World's First Penis And Scrotum Transplant Is Fully Functional Over One Year On - Physics-Astronomy.org

World's First Penis And Scrotum Transplant Is Fully Functional Over One Year On

Over a year since the history-making operation, the recipient of the world's first total penis and scrotum transplant – an injured veteran of the US Armed Forces – is "feeling whole" again and recovering well, doctors report in a case note on the pioneering procedure.




The man, who remains anonymous, was on patrol with his squad in Afghanistan when Taliban fighters ambushed them. As he went to give first aid to another soldier, he stepped on an improvised explosive device hidden on the road. In an instant, the blast took away much of the lower half of his body.
"I remember everything froze and I was upside down," the man told MIT Technology Review. "I remember thinking a quick thought: 'This isn't good.'"
It wasn't. In the sudden explosion, the soldier lost most of his legs, as well as his genitals and part of his abdomen. This was back in 2010.
At the time, there had only ever been one reported penis transplant, performed in 2006 on a patient in Guangzhou, China; as far as precursors go, it wasn't exactly promising. Complications set in early, and the man's body began to reject the organ, which showed signs of necrosis, possibly due to inadequate blood supply.
There were also psychological issues – including reported objections from the patient's wife – and the graft was removed only a fortnight later.
Nonetheless, reconstructive surgery specialists at Johns Hopkins Hospital were confident their soldier patient, whom they first met in 2013, would make a good candidate for transplant surgery – although it took five years of preparation (including extensive experimentation on cadavers) before they got a chance to try, once a suitable organ from a deceased donor finally became available.


During that long interim, three successful penis transplants had been completed: two in South Africa, both on patients who experienced penile loss due to infections stemming from circumcision; and one involving a man in the US, who had the surgery after a partial penectomy from penile cancer.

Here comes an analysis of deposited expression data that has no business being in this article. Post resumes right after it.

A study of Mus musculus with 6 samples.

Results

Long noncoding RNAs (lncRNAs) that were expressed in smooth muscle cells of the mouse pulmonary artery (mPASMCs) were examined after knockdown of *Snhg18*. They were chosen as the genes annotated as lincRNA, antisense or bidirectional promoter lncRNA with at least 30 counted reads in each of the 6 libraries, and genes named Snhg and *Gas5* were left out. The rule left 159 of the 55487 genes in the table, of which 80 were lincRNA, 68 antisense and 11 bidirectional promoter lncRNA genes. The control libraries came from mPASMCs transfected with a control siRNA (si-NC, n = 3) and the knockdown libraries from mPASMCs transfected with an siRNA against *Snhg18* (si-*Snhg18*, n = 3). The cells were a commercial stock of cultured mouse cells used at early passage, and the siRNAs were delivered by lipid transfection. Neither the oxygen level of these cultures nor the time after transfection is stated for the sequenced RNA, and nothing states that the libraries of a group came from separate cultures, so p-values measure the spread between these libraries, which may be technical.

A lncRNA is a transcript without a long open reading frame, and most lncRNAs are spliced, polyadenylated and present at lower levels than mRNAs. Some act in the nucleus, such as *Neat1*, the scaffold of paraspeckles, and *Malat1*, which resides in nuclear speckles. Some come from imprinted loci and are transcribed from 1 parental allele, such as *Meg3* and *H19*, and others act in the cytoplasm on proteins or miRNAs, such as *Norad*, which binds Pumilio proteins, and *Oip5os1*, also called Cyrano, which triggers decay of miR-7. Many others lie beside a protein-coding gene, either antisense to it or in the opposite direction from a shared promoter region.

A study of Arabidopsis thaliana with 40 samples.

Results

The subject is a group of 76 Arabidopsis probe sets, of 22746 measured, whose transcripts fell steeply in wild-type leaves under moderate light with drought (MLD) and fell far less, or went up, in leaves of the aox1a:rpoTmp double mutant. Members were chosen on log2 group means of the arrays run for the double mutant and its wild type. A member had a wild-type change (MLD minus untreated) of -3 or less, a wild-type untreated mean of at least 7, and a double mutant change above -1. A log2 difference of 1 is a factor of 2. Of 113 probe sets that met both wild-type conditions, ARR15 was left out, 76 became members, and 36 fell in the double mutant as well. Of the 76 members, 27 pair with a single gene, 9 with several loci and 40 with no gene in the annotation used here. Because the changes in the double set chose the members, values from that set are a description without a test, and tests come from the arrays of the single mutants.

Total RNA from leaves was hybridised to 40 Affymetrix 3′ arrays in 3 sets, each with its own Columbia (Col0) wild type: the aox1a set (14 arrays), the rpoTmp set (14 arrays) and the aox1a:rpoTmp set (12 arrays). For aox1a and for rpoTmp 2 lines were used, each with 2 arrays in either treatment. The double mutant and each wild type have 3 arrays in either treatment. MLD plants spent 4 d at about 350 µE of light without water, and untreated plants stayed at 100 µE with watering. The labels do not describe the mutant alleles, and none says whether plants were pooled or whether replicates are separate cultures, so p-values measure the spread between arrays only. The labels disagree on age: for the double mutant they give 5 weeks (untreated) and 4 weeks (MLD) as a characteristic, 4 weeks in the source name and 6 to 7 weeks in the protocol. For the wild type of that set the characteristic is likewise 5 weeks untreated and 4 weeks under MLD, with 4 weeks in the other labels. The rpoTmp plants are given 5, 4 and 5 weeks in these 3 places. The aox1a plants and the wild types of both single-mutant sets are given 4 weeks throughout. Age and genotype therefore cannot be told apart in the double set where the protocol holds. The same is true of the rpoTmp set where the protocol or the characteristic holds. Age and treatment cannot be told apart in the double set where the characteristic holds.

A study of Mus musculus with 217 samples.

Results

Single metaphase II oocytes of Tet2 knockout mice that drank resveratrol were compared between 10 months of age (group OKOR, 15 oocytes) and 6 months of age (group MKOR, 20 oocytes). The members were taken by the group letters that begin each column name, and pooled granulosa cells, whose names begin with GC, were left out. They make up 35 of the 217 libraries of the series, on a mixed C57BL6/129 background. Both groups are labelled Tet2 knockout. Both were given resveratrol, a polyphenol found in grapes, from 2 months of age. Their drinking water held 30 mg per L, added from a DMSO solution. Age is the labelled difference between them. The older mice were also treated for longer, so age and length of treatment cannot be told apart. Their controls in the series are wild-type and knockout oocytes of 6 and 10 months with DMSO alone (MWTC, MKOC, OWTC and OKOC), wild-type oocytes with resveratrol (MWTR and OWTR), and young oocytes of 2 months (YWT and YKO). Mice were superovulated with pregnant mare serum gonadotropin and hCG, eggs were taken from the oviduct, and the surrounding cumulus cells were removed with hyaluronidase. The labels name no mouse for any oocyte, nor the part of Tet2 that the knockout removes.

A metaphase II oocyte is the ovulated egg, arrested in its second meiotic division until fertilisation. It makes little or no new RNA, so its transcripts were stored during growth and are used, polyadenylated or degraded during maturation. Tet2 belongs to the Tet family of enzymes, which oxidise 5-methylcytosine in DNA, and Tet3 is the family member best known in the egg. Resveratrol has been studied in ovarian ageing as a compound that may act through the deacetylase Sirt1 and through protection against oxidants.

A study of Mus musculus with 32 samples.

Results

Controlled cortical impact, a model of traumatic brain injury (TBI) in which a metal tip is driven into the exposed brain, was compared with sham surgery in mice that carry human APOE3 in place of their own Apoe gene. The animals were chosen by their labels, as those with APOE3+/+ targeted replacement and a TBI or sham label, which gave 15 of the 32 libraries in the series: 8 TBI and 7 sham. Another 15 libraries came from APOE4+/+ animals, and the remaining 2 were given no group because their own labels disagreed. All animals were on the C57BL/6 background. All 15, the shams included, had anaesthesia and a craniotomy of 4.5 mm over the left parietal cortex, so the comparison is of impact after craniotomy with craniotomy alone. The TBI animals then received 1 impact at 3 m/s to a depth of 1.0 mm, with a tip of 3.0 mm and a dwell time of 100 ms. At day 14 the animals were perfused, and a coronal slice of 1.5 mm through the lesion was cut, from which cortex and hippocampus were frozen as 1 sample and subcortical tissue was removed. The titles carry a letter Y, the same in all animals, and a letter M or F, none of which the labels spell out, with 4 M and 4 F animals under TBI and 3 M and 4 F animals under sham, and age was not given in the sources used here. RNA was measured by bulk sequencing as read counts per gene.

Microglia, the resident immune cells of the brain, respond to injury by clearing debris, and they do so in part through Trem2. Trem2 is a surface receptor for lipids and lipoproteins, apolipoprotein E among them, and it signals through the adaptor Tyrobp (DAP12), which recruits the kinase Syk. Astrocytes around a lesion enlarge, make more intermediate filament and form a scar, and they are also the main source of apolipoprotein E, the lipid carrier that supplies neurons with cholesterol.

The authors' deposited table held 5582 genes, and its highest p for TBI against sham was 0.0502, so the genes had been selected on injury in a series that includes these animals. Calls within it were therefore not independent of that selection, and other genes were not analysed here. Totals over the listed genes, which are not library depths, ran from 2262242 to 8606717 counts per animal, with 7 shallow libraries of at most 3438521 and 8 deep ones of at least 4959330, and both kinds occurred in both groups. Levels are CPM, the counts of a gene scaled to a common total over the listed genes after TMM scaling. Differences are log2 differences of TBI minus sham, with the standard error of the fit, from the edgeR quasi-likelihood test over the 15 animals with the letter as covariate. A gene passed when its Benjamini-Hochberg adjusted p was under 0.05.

Yet none of those patients had lost as much as the soldier. His operation would be particularly ambitious, involving the transplant of a single piece of tissue encompassing penis, scrotum, and lower abdominal wall all together – something doctors had never attempted before.
In total, the entire transplant weighed nearly five pounds (over two kilograms), and measured 10 by 11 inches (roughly 25 cm).
Despite the challenges – which involved stitching together hundreds of tiny blood vessels only a millimetre or two wide under a powerful microscope – a 14-hour operation performed by 11 different surgeons was a success.
Even more significantly, over a year on from this world-first transplant, the medical team reports the patient is recovering well, with the organ and its reestablished nerve connections functioning about as well as could be hoped for.
"He has near-normal erections and the ability to achieve orgasm," the researchers write in their case report.
"He has normal sensation to the shaft and tip of the transplanted penis and can localise touch sensation… The patient urinates while standing, without straining, frequency, or urgency, with the urine discharged in a strong stream."
Although the operation involved transplanting the scrotum, the researchers elected not to transplant the donor's testicles, after consulting with bioethicists.


"If we had included the testes, the recipient could have fathered a child with the donor's DNA," one of the team, plastic and reconstructive surgeons, explained in The Guardian last year.
"This young man doesn't have children, but was happy with the decision. He's not in a relationship, but I'm sure he's thinking about getting into one now."
Another unique consideration in the patient's case was a bone marrow infusion from the donor, which lessens the soldier's immunosuppression medication requirements (which help the body to accept the new organ). Currently, he only needs to take a single tablet daily, and the team hopes that with advances in medicine he may be able to dispense with the drug entirely "in the next five to 10 years".
Whether that will eventuate is unknown, but what is perfectly clear is that this incredible procedure has significantly improved and restored the life this young veteran wants to lead.
He's now back at school full time, the doctors note, and lives and walks independently with the aid of his leg prostheses.
"He reports an improved self-image and 'feeling whole' again and states that he is very satisfied with the transplant and the implications it carries for his future," the researchers explain.
For a patient who once admitted he "struggled with even viewing myself as a man for a long time", he's back on track.
"I don't regret it," he told MIT Technology Review. "It was one of the best decisions I ever made."